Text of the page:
Donate for me, because I can’t


Unfortunately I had been premature. Further reading revealed that the lifetime ban was indeed gone but that a dark shadow of it remains entrenched in British law. Defenders of the law argued that it would save time to eliminate “high risk” donors from the register, despite infections being just as likely to show up on the screening of blood given by a heterosexual person.

The phrasing of “high risk” is something I find interesting. The Government decided to follow apparently mainstream medical advice that a one-year ban should remain. In other words, you can give blood and be gay but in order to do so you must go cold turkey for a year. This seems like a bizarre rule. If we’re talking risk, surely everybody should be celibate for a year to reduce the chances of a blood disease slipping through the net? Yet the Government seems to think that an equally-applied blanket ban on sexually active individuals would be unfair, arguing that the risk associated with gay men outweighs the equality factor.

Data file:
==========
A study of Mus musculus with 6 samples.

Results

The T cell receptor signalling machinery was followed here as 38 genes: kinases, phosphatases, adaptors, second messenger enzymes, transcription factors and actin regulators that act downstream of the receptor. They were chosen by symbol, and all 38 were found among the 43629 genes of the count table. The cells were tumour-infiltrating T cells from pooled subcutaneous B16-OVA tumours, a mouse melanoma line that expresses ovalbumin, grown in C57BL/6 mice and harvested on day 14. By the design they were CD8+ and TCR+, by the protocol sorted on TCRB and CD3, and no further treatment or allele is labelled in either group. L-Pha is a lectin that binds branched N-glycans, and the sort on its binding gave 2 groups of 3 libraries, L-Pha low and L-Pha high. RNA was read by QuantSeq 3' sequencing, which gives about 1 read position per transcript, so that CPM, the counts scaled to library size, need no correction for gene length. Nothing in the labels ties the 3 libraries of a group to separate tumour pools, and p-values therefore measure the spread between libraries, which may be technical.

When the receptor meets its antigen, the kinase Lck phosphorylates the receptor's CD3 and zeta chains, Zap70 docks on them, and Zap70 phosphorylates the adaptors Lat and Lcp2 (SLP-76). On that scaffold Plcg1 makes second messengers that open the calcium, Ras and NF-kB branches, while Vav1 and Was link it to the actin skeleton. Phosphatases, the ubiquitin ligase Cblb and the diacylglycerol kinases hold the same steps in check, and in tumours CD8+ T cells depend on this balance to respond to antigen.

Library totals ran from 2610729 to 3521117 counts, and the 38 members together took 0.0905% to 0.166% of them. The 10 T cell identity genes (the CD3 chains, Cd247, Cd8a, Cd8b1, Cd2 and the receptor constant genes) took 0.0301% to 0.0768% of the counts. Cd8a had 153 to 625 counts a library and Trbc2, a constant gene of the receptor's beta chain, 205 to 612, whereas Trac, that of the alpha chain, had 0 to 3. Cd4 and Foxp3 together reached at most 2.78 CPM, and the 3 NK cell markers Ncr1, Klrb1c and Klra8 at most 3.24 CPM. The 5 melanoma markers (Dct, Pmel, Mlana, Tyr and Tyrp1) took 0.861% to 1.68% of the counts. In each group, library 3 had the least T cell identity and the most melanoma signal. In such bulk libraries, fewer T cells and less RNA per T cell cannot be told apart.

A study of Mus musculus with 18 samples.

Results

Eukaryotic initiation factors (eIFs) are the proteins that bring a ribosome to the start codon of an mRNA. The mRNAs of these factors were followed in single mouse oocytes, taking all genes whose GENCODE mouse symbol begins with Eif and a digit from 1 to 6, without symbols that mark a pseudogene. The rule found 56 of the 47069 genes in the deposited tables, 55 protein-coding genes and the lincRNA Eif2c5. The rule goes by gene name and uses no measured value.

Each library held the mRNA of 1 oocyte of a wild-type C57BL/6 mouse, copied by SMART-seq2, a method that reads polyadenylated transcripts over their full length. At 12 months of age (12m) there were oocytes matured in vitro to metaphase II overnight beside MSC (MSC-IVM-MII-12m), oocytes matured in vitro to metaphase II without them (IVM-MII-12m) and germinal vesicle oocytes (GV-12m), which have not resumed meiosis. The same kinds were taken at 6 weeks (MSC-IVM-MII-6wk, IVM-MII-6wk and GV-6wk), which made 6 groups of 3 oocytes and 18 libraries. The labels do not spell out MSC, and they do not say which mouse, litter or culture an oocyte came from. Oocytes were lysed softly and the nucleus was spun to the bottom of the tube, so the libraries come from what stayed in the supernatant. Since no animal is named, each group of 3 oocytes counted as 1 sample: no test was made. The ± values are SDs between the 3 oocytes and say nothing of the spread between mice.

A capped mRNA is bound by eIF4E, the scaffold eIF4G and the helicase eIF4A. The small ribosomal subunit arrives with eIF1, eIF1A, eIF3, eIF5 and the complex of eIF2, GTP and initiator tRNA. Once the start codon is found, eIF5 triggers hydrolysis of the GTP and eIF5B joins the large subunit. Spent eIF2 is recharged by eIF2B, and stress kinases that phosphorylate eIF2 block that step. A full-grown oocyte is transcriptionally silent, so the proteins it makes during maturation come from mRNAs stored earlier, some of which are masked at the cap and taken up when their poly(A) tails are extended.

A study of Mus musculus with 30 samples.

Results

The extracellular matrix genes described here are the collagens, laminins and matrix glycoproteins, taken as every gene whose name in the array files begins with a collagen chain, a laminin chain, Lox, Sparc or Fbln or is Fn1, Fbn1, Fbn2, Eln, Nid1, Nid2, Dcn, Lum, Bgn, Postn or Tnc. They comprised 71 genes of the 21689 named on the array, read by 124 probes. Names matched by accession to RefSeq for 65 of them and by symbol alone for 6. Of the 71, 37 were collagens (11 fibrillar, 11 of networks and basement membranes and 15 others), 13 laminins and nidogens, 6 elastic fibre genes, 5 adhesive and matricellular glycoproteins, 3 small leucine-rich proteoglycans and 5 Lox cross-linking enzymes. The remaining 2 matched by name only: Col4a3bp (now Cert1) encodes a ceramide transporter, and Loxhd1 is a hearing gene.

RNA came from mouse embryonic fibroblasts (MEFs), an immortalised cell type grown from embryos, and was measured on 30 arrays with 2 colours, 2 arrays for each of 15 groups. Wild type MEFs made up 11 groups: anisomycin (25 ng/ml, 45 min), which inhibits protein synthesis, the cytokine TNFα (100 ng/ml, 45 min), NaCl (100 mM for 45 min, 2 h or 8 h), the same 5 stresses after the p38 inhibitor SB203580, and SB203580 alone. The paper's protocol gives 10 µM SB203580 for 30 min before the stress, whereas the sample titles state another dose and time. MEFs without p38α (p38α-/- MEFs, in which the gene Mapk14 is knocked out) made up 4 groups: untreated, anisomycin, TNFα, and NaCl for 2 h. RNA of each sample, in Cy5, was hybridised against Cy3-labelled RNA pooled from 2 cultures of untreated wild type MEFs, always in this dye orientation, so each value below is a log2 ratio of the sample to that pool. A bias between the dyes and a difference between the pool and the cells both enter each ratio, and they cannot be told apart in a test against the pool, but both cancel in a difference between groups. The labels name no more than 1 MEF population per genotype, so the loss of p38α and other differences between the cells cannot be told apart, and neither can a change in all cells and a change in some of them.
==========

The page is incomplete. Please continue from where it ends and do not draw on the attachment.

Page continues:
Normally I’d be inclined to agree, but it’s hard to do so when in banning a demographic based on sexual behaviour you don’t apply it equally. Not only do heterosexuals who have had sex in the last year have the option of giving blood, but this also applies to commercial sex workers. I am one of the biggest advocates for the welfare provision of commercial sex workers but when a prostitute is allowed to donate and a gay man in a committed civil partnership of a decade who only gets sex at Christmas and on his anniversary is not, I begin to question whether this equality factor has even been applied at all.

The other part that I find odd is that women are asked when donating if any of their sexual partners in the last year have been men who have had sex with men in the last year. I don’t know about you, ladies, but my previous girlfriends have certainly never stopped to ask detailed questions about things like that even when they’ve been aware of my sexuality. It’s not exactly considered polite conversation.

So the law has its flaws as usual. I’m happy celibate gay and bisexual men can finally give blood and I’m sure that lives will be saved, but in the meantime a good proportion of our population including myself are still banned; if you get a chance; give them a few drops on our behalf.